You have to ring the doorbell for a long time at Jim Ellison's new house, a cozy but unprepossessing affair in east Lakeview, before the sound penetrates the blasting sound of a rushing guitar solo--deedle deedle deedle deedle dweeeeeeee! Inside, Ellison proudly shows off a sparkly new Gibson (an SG Les Paul Custom, to be exact), the product of an endorsement deal for his band, Material Issue. A previous deal with another guitar maker didn't work out: Ted Ansani's bass kept breaking, and the company wouldn't give the band the time of day. Then Material Issue met a guy from Gibson. "Ah've seen you guys seven times," says Ellison, gleefully imitating the rep. "Ah thank ah can work something out."
The guitars, the house--these are just some of the spoils of a years-long campaign that has now brought Ellison semistardom. His band is a just-this-side-of-lethal power-pop trio: Ellison's hook-filled songs, Ansani's articulate bass lines, and Mike Zelenko's unflappable drumming. Ellison's lyrical world is an assertively innocent one where girls are girls, boys are confused, and rock rules. He's grown a bit from his early songs, every other one of which seemed to be titled "Valerie" or "Diane"; his distinctive, slightly melodramatic song settings just keep getting better, reaching an unquestioned high with last year's "What Girls Want" and its deathless chorus: "I want a man with lips just like Mick Jagger / Rod Stewart's hair, and Keith Richards' stagger."
Ellison, now 27, was a suburban kid who spent some time as a north-side scenester in the late 80s, booking bands at Batteries Not Included. After forming Material Issue in 1987, Ellison made some crucial decisions: he moved back to his parents' house in Addison; finished school at Columbia College; and concentrated on making reords. The results were the immortal single "Super Sonic Seven Inch," which included "Renee Remains the Same," whose methodical harmonies, stately guitar changes, and wistful lyricism were either a one-shot fluke or a sign that Ellison was onto something. An EP containing the explosive "She's Going Through My Head," a follow-up album, and the group's blistering live shows made it seem like the latter might be the case.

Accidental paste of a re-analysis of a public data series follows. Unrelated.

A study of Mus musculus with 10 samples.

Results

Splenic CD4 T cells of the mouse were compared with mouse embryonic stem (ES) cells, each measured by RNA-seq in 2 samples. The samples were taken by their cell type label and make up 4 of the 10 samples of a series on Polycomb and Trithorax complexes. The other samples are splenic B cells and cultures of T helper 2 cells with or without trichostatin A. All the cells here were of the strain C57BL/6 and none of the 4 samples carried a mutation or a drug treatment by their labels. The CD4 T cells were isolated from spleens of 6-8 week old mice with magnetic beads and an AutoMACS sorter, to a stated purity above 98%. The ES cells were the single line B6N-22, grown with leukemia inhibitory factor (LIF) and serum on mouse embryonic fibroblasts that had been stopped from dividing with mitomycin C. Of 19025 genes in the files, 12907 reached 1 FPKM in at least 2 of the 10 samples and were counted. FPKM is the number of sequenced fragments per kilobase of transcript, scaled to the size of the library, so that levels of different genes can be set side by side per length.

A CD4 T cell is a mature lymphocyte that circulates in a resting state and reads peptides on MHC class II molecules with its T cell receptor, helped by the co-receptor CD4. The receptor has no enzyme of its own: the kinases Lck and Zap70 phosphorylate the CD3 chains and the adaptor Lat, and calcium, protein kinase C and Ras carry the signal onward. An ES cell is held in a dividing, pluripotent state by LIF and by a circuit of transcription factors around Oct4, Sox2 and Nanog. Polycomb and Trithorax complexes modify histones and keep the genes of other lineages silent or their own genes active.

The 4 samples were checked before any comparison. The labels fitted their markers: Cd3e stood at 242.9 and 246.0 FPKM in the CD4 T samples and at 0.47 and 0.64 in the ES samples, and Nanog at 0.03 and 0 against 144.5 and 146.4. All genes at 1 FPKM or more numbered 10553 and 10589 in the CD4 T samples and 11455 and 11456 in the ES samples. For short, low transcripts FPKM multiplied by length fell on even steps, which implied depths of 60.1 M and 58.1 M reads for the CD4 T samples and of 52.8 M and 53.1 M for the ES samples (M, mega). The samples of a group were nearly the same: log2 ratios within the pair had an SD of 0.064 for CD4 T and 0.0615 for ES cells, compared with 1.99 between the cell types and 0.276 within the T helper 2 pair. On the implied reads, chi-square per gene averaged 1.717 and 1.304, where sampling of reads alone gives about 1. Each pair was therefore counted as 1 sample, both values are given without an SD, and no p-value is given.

Somewhat overlooked in the recent hoopla over Chicago has been the fact that, besides Ministry, Material Issue was the first local rock band in a long time to score a major label deal and make good on it. Mercury decided that it liked the band's self-funded album--produced by Shoes leader Jeff Murphy in Zion--and put it out unchanged. What was essentially a collection of demos has sold nearly 300,000 copies in the years since, and still does 600 to 800 units a week, Ellison says. The band's second album, Destination Universe, also produced by Murphy, sold comparatively less, but it's above 100,000 at this point and still selling.
For the upcoming third album, Ellison went with an outside producer. He talked to several big names before settling on Mike Chapman, who's had massive worldwide hits both as a songwriter (with partner Nicky Chinn he wrote everything from most of the Sweet's singles to Exile's "Kiss You All Over") and as a producer (Blondie's "Heart of Glass," the Knack, Tina Turner). Ellison says he charmed Chapman by dissing his recent work ("I don't want to put out a record that sounds like the Baby Animals"); Ellison, Chapman told friends approvingly, "was an egotistical asshole." But Chapman earned the band's respect, too, by flying to talk to them on a day's notice and ultimately volunteering to do the record for no money up front: "He said if it wasn't a hit, he didn't deserve any money," Ellison says.
Ellison liked working with Chapman. "We had the pop production down; what we needed to so with this record was add the hardness of the band live," he says. "We wanted to get that classic sound, doubled drums and everything. He'd just say, 'I'll show you.' He knew it all." Based on one hearing of the as-yet-untitled record, not due out until February, Hitsville would say Chapman has impressively brought the rather retro rockers into the 90s, with a harder and more full-bodied sound. Of the new songs, the standouts are "Going Through Your Purse" (as in "the things I learned while..."), typically irresistible Ellison pop; a strange ballad flavored with sitar called "Kim the Waitress"; an over-the-top rerecording of the band's early "She's Going Through My Head"; and a softer song, "I Could Use You," which sounds a lot like the old America chestnut "I Need You." ("I love America," says Ellison. "And Bread.")
Until the band tours in February, Ellison has to just wait around, though he hints the group might show up on someone else's bill some evening just for fun. In the meantime, he's going to enjoy the spoils. "Some people might think you're a rock asshole because you have a house," he reflects. "But no one's going to take care of you once you stop selling records. You still have to live. Ten years from now, if nothing else, I'll have a house."
Art accompanying story in printed newspaper (not available in this archive): photo/Jim Alexander Newberry.